As surfing completes its first-ever Olympic ride, the sport is poised for another sea change thanks to artificial intelligence and big data
TOKYO—South African surfer Bianca Buitendag uses some apps and websites to gauge wind and wave conditions before she competes, but she doesn’t consider surfing a high-tech sport. It’s mostly about trying to gauge the weather.
“That’s about it,” she said this week.
Carissa Moore, who on Tuesday faced off with Buitendag for the sport’s first-ever Olympic gold medal, takes a different approach. She loads up on performance analytics, wave pools and science. The American, who beat Buitendag by nearly 6.5 points to win the gold medal on Tuesday, has competed on artificial waves and uses technology such as a wearable ring that tracks her sleep and other vitals to help her coaches fine-tune her training and recovery.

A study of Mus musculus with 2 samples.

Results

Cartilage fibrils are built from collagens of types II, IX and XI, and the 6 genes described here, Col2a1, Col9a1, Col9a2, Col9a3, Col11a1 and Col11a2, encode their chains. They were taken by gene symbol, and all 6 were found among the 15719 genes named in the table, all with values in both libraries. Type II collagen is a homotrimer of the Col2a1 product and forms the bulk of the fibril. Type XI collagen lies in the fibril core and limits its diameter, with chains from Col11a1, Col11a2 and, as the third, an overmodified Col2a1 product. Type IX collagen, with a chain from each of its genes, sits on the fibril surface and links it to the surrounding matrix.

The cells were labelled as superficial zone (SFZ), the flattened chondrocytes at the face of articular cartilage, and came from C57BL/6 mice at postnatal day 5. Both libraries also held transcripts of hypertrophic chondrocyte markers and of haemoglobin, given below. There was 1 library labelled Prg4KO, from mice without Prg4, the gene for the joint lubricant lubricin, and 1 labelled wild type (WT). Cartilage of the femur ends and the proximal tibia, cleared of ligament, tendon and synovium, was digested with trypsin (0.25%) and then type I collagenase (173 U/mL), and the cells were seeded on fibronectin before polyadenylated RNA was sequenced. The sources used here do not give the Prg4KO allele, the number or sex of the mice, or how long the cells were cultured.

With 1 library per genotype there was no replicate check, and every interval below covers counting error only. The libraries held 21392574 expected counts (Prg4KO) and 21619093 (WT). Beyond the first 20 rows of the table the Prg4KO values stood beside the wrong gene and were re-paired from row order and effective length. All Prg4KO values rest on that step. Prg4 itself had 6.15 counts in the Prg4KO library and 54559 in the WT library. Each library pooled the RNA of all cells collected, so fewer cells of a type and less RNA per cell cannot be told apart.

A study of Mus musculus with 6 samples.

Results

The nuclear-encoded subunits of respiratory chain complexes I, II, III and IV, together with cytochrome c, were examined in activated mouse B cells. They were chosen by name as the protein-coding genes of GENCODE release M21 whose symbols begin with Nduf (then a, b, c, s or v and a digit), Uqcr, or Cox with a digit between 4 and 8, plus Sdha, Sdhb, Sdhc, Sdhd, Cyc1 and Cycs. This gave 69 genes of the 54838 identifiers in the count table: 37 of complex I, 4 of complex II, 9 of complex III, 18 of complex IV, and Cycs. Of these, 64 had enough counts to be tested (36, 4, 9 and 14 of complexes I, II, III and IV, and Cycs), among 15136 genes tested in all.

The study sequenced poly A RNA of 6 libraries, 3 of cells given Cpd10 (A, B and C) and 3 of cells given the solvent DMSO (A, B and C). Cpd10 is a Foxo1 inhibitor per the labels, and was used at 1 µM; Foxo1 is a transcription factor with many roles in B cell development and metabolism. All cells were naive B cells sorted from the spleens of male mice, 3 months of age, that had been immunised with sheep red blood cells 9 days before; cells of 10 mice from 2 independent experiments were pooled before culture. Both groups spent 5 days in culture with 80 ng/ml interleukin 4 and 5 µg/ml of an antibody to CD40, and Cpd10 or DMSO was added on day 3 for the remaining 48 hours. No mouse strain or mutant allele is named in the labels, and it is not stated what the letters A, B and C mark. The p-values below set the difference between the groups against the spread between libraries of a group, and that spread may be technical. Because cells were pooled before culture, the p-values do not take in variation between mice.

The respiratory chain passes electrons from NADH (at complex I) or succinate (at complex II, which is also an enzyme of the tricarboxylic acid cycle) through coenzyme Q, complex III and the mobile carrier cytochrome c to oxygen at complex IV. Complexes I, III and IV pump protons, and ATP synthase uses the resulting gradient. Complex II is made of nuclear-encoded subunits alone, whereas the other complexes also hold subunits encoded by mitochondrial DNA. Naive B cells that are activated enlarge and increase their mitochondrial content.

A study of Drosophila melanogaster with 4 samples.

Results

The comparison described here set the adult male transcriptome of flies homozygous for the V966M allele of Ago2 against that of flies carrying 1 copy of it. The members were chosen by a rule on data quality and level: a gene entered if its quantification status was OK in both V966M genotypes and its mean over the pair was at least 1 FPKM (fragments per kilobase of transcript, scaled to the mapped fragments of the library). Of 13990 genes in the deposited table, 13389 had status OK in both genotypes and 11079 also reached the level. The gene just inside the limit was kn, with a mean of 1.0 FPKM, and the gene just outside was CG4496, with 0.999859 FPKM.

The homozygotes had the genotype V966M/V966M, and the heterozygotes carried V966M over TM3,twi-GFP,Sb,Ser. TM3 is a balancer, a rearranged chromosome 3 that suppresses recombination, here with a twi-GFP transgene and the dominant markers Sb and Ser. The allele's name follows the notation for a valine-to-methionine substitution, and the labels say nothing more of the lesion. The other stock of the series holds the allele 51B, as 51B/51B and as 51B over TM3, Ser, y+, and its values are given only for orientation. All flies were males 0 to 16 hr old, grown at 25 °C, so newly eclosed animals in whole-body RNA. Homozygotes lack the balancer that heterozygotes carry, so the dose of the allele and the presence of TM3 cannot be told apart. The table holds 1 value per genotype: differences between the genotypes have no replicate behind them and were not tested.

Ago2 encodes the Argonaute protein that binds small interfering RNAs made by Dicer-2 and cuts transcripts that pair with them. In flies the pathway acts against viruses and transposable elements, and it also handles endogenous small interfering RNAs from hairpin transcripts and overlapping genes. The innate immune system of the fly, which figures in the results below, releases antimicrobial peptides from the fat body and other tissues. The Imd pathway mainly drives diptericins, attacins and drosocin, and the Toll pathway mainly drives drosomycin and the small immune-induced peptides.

Their different approaches go to the heart of a long-running tension in surfing: dueling images of the spiritual, naturalist wave rider versus the modern, techie athlete.
“There’s this illusion that you’re trying to sustain, even if you’re aware of all the stuff that’s gone into [surfing],” said Peter Westwick, a University of Southern California surfing historian. He’s talking about the use of advanced polymer chemistry-enabled products in surfboards and wetsuits and complex weather modeling that helps govern where and how competitions like this Olympic event are held. The tech has roots in military research and development, he said.